Universities Preparing for the New Academic Year

By Steven Galvin - Last update



Delivering Programmes 

The main focus for third-level institutions has been to ensure a means of adapting to a different environment in the face of COVID-19 and still being able to deliver the highest-quality learning opportunities for its students.

Most universities are planning a system of delivering programmes through a blended or hybrid approach, which entails remote learning as well as having students on campus for some aspects of their learning. A focus has been on how to get a successful blend of  online teaching (lectures, etc.) and on-campus activities’ (tutorials, practical workshops, etc.).

Certain faculties and programmes within institutions will be entirely off campus – with courses being delivered fully remote. Others will have varying levels of physical presence on campus. Each institution will have this information regarding programme delivery available on their websites. In some cases this will include such information as how many days a week you can actually be on campus.


Champion Digital Learning

Moving resources online to facilitate learners and introducing blended and e-learning tools is a particular challenge for every third-level institution. A major part of this is that colleges successfully champion digital learning and ensure that their online programmes are delivered in a manner that is as effective, indeed if not more effective, than traditional lecture-based learning. It is essential that the delivery of learning is in no way compromised by the transition to online.

Health & Safety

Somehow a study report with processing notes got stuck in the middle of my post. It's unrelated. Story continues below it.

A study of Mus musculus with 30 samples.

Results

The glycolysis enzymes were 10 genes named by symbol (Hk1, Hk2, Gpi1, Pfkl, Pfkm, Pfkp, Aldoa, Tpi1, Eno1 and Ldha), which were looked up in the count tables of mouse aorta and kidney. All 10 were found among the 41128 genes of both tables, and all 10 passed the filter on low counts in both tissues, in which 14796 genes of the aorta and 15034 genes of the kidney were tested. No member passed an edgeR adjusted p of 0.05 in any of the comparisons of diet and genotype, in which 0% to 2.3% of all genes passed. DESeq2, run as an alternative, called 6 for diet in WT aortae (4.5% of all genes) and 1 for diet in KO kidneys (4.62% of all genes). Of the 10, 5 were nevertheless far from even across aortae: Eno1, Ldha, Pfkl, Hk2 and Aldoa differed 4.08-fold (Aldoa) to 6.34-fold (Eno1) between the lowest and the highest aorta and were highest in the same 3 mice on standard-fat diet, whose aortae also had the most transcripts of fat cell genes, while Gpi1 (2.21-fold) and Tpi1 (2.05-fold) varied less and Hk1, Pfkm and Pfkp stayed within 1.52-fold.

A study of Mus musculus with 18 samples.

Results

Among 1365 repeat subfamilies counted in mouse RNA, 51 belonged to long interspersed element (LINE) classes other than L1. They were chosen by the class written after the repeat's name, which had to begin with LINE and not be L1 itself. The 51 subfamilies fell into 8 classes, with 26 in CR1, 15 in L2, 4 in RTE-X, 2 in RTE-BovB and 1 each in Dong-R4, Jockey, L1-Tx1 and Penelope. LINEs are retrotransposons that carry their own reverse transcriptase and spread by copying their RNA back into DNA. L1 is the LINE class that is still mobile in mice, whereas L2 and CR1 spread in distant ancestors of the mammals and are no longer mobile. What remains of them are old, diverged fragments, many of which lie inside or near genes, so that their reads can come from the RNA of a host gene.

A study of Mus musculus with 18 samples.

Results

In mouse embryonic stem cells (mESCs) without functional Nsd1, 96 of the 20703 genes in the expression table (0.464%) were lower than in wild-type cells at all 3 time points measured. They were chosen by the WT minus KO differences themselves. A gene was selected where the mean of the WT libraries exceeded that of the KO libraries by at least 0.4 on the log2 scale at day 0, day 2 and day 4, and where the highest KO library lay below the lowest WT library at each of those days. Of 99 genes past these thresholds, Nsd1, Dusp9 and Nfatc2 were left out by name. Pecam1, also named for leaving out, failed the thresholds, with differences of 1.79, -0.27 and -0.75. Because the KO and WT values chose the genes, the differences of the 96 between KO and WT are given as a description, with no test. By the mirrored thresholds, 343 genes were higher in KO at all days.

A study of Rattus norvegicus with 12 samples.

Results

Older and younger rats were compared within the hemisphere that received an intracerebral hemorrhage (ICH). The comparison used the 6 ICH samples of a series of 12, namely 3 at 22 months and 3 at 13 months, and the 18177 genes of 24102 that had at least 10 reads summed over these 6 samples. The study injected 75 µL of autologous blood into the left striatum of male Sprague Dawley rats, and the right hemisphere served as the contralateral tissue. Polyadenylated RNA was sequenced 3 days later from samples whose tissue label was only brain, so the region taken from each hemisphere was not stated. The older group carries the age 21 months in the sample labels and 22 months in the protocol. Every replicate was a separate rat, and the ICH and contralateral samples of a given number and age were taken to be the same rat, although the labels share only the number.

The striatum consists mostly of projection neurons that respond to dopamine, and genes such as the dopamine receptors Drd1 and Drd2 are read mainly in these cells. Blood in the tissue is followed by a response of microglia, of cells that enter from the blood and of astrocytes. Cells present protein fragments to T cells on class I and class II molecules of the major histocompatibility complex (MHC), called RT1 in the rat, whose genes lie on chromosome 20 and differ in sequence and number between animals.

Third-level institutions are trying their best to facilitate small groups on campus  and will follow the government’s safety guidelines. Health and Safety, as always, is key. Social distancing must be adhered to. Many colleges will have marked out dedicated entrances and exits and one-way signed walking routes, plus other safety measures where possible such as hand-sanitising stations.

Staff and learners will be using PPE where appropriate and colleges will need to put in place a strict and precisely focused timetabling schedule which will allow staff and students to occupy spaces for essential on-campus learning in a safe environment.


The financial reality of going to college has probably never been felt as much as it will this year. To offset this, many institutions are seeking to provide support where they can. Recently the Minister for Further and Higher Education, Research, Innovation and Science, Simon Harris TD, announced up to 17,000 laptops are to be distributed to third level students to assist with online learning. This has been welcomed by third-level institutions and will be of particular benefit to disadvantaged learners.


Mental Health

Harris has also announced a comprehensive financial package of €5 million to support students’ wellbeing and mental health, which has also been welcomed. There have been increasing mental health challenges in higher education and this financial package can help to provide the proper counselling facilities and preventative maintenance the industry requires. Plus discussions have taken place around support for a new national framework for prevention of suicide and a national framework around consent.


Deliver & Receive Remote Education

Many colleges have rolled out training for their academic staff in order to fully prepare them to deliver in an online environment, introducing them to effective online learning designs and teaching approaches.

Most institutions should have an induction strategy in place to prepare learners for what is planned for the upcoming year and the tools that will be required to facilitate their learning objectives. It is essential that every student is fully equipped to succeed in the digital/online teaching and learning environment and on the platforms the colleges plan to use.

Support from IT is essential throughout the year and in some cases colleges have promised a mentoring system will be put in place to provide the necessary help for those dealing with this new method of education.









Steven Galvin

Study Is What You Do. Hobbies Are What You Are.